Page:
Has the CSU Forgotten Its Mission? The Decline of Ethnic Studies in California

Carla

“L.A. Times” reporter, Carla Rivera, interviewing students in ASAM 120, at CSU Long Beach (Oct. 17, 2013).

Has the CSU Forgotten Its Mission?  The Decline of Ethnic Studies in California 

by Teri Shaffer Yamada, CSU Long Beach

  ” The mission of the California State University is:

  •    To advance and extend knowledge, learning, and culture, especially throughout California.
  •    To prepare students for an international, multi-cultural society….”

In fall 2013, CSU faculty returned to campuses looking forward to a better year given their efforts to pass Prop 30 with its promise of stable budgets for the near future.   Instead, many Ethnic Studies faculty have encountered a reign of  “data” terror: a new administrative ideology that privileges the number of majors, course popularity, and fill rates over a broader vision of the CSU’s mission: to prepare students for a multi-cultural society.

Instead of promoting that mission, administrators across the CSU have stripped  courses from Ethnic Studies, even courses that have a history of full enrollment.  This administrative over-reach may be based upon a belief in a post-racial America, where  Ethnic Studies courses are no longer relevant.   Institutional efficiencies are more important; what is relevant now is STEM.

Concerned about this trend, over 50 faculty representing more than half of the system’s 23 campuses met at San Francisco State University on Friday, 18 October 2013, for the second CSU-wide Ethnic Studies Council meeting. Topics of concern included the downsizing, merging, or elimination of Ethnic Studies programs across the CSU; the treatment of professors of color in the system (1); how administrative ‘assessment’ of ethnic studies programs is being conducted without consciousness or value of the CSU’s mission.  Professor Maulana Karenga ( Chair, Dept. of Africana Studies, CSU Long Beach) stressed the importance of genuine shared governance on campuses and the contradiction of the CSU “using diversity as a marketing tool while dismantling it.”

The most egregious example of  de-facto program elimination is CSU Stanislaus, a designated Hispanic Serving Institution.  The remaining two tenured faculty in the Ethnic Studies program there “have chosen to resign their positions as of 24 December, 2013 rather than help with what they believe amounts to the elimination of the program they have put so much effort into.” (2)  The administration at CSU Stanislaus has refused to replace any of the four tenure-track positions the program once had.    Another example of forced program reduction has occurred at CSU Long Beach in the Asian American Studies Program, which offered 14 courses in Spring 2010 reduced to 9 in Spring 2015.  A new enrollment management directive apparently requires further reductions over a year in advance!  These reductions include ASAM 120 (Asian American History), a course that typically fully enrolls.

The results of the second CSU Ethnic Council meeting included the nomination of six delegates to visit Chancellor White on November 11.   Among their objectives for this meeting will be to report faculty concern over the CSU’s failure to fulfill its own mission to the people of California: to prepare students for a multicultural society.

 

Racial/Ethnic Makeup (California, 2010)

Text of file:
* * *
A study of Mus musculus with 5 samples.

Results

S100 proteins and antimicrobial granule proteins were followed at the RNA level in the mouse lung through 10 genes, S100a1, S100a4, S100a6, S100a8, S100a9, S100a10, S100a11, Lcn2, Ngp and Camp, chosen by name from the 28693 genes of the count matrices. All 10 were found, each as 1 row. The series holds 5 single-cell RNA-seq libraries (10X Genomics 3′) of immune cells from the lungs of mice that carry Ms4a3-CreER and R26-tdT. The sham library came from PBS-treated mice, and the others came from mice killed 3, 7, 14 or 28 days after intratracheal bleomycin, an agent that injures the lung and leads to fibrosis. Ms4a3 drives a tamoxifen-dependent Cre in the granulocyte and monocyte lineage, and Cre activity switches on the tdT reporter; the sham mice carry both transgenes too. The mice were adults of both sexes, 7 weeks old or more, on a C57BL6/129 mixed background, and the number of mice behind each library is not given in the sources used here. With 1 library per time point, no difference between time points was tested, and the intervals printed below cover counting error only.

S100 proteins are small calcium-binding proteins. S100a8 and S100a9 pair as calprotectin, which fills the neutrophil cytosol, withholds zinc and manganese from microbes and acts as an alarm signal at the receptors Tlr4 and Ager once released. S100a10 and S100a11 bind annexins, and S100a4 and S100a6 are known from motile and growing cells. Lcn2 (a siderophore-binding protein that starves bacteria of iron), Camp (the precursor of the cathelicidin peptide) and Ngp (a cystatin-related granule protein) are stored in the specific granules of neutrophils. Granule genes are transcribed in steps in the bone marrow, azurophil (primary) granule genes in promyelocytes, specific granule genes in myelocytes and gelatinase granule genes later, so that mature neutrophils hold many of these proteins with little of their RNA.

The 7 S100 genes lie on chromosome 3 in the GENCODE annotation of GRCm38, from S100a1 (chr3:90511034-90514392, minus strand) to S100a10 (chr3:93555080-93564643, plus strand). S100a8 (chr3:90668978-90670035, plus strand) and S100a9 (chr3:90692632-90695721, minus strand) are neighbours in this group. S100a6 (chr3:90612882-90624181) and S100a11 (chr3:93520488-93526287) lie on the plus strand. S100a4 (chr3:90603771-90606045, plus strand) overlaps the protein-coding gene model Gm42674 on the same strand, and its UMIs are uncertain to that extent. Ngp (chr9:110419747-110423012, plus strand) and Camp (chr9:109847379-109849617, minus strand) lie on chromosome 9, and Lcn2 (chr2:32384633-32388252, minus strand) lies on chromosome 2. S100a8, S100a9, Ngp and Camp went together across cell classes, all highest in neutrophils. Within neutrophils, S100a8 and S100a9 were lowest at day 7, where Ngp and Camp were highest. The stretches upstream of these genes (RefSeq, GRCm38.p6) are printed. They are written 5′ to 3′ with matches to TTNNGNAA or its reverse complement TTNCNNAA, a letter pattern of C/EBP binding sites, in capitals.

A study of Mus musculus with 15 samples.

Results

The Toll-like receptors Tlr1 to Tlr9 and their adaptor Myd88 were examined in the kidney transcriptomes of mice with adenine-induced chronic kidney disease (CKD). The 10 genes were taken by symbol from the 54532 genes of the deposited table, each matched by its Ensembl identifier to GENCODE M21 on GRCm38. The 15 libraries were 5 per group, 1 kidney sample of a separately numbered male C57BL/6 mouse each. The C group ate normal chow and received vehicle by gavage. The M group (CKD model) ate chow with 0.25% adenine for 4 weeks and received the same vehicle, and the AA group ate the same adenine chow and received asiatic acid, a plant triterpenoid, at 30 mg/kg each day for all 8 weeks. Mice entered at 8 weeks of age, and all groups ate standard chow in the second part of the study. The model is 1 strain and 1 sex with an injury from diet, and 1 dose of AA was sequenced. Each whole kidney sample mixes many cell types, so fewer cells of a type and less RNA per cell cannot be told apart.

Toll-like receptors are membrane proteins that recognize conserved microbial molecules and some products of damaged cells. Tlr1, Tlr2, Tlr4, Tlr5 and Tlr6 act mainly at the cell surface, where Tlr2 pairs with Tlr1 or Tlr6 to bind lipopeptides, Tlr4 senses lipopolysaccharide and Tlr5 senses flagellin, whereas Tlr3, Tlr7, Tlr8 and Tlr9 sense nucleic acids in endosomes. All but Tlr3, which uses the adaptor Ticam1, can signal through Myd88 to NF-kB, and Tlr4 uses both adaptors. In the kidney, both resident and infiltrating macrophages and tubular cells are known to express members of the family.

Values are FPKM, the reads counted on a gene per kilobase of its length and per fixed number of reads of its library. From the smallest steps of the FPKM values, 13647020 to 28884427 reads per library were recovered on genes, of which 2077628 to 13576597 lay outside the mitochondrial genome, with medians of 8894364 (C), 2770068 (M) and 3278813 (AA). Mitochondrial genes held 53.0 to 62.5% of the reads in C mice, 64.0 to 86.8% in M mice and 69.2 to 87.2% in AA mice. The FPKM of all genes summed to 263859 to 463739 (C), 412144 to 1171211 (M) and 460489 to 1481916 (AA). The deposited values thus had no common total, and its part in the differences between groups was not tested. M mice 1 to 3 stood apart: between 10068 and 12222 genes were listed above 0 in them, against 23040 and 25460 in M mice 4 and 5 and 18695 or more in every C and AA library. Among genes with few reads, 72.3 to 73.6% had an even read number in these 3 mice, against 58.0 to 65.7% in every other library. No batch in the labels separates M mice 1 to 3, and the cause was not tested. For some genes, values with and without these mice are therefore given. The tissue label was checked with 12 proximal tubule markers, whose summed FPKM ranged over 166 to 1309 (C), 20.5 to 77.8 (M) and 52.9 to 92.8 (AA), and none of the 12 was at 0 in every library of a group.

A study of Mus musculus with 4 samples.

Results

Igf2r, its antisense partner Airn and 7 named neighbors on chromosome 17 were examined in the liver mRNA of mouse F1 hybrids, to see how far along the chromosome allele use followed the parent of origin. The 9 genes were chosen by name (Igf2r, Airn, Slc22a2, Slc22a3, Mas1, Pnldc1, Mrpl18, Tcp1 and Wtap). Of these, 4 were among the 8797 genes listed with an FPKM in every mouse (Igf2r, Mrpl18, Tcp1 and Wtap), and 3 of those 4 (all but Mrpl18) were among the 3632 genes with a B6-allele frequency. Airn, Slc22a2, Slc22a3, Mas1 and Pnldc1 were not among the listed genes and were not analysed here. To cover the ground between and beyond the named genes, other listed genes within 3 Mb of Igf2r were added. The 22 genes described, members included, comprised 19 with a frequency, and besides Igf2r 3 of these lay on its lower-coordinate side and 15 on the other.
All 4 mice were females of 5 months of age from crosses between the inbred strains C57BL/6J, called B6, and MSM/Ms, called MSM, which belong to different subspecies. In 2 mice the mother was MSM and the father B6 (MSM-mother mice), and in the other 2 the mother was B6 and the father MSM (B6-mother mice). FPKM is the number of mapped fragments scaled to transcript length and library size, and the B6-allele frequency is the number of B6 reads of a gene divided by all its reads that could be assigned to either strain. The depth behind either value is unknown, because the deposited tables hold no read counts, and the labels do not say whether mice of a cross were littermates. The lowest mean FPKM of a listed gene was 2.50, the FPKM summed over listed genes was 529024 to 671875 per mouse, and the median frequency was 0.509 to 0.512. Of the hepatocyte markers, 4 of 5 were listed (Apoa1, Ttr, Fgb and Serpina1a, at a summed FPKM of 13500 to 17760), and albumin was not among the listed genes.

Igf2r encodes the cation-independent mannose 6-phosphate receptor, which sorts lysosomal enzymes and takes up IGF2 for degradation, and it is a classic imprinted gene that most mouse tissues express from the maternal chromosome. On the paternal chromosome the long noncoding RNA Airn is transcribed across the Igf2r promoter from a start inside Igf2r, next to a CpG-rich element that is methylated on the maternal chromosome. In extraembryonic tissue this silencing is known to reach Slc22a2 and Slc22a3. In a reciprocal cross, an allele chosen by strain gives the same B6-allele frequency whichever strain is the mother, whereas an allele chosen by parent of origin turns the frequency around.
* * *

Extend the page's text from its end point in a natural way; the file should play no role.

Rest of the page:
Racial/ethnic makeup of California as percent of total population, 2010

  • Native Hawaiians and other Pacific Islanders make up 0.3% of California’s population.
  • Asians make up 12.8% of California’s population.
  • People of color make up 59.9% of California’s population.
  • African Americans make up 5.8% of California’s population.
  • Latinos make up 37.6% of California’s population.
  • Native Americans and Alaska Natives make up 0.4% of California’s population.
  • Source: U.S. Census 2010, U.S. Census Bureau

 

NOTES

(1) A report from UCLA suggests that the UC shares issues about racial bias regarding faculty of color.  See Stephen Ceasar’s “Study faults UCLA’s handling of faculty’s racial bias complaints” (Oct. 18, 2013).

“Nearly every faculty member of color had achieved tenure and professional success at the university, the report said, but they were still upset by the incidents of perceived bias, discrimination or intolerance they had experienced at UCLA.

Nearly all of them said they felt that the offending parties were never forced to face consequences for their actions.

The report states that UCLA’s reaction to such complaints has consistently been to attempt to placate the injured faculty member without repercussions to the offending party.

In 2012-13, African Americans made up 3% of faculty, while Latinos represented 6% and Asians made up about 17%. Whites made up about 73% of the faculty, according to the report.” Nearly every faculty member of color had achieved tenure and professional success at the university, the report said, but they were still upset by the incidents of perceived bias, discrimination or intolerance they had experienced at UCLA.

Nearly all of them said they felt that the offending parties were never forced to face consequences for their actions.

The report states that UCLA’s reaction to such complaints has consistently been to attempt to placate the injured faculty member without repercussions to the offending party.

In 2012-13, African Americans made up 3% of faculty, while Latinos represented 6% and Asians made up about 17%. Whites made up about 73% of the faculty, according to the report.”

(2) Oct. 12, 2013 letter to Dr. Joseph Sheley (President CSU, Stanislaus) from Lillian Taiz, CFA President. and Cecil Canton, CFA Associate VP Affirmative Action.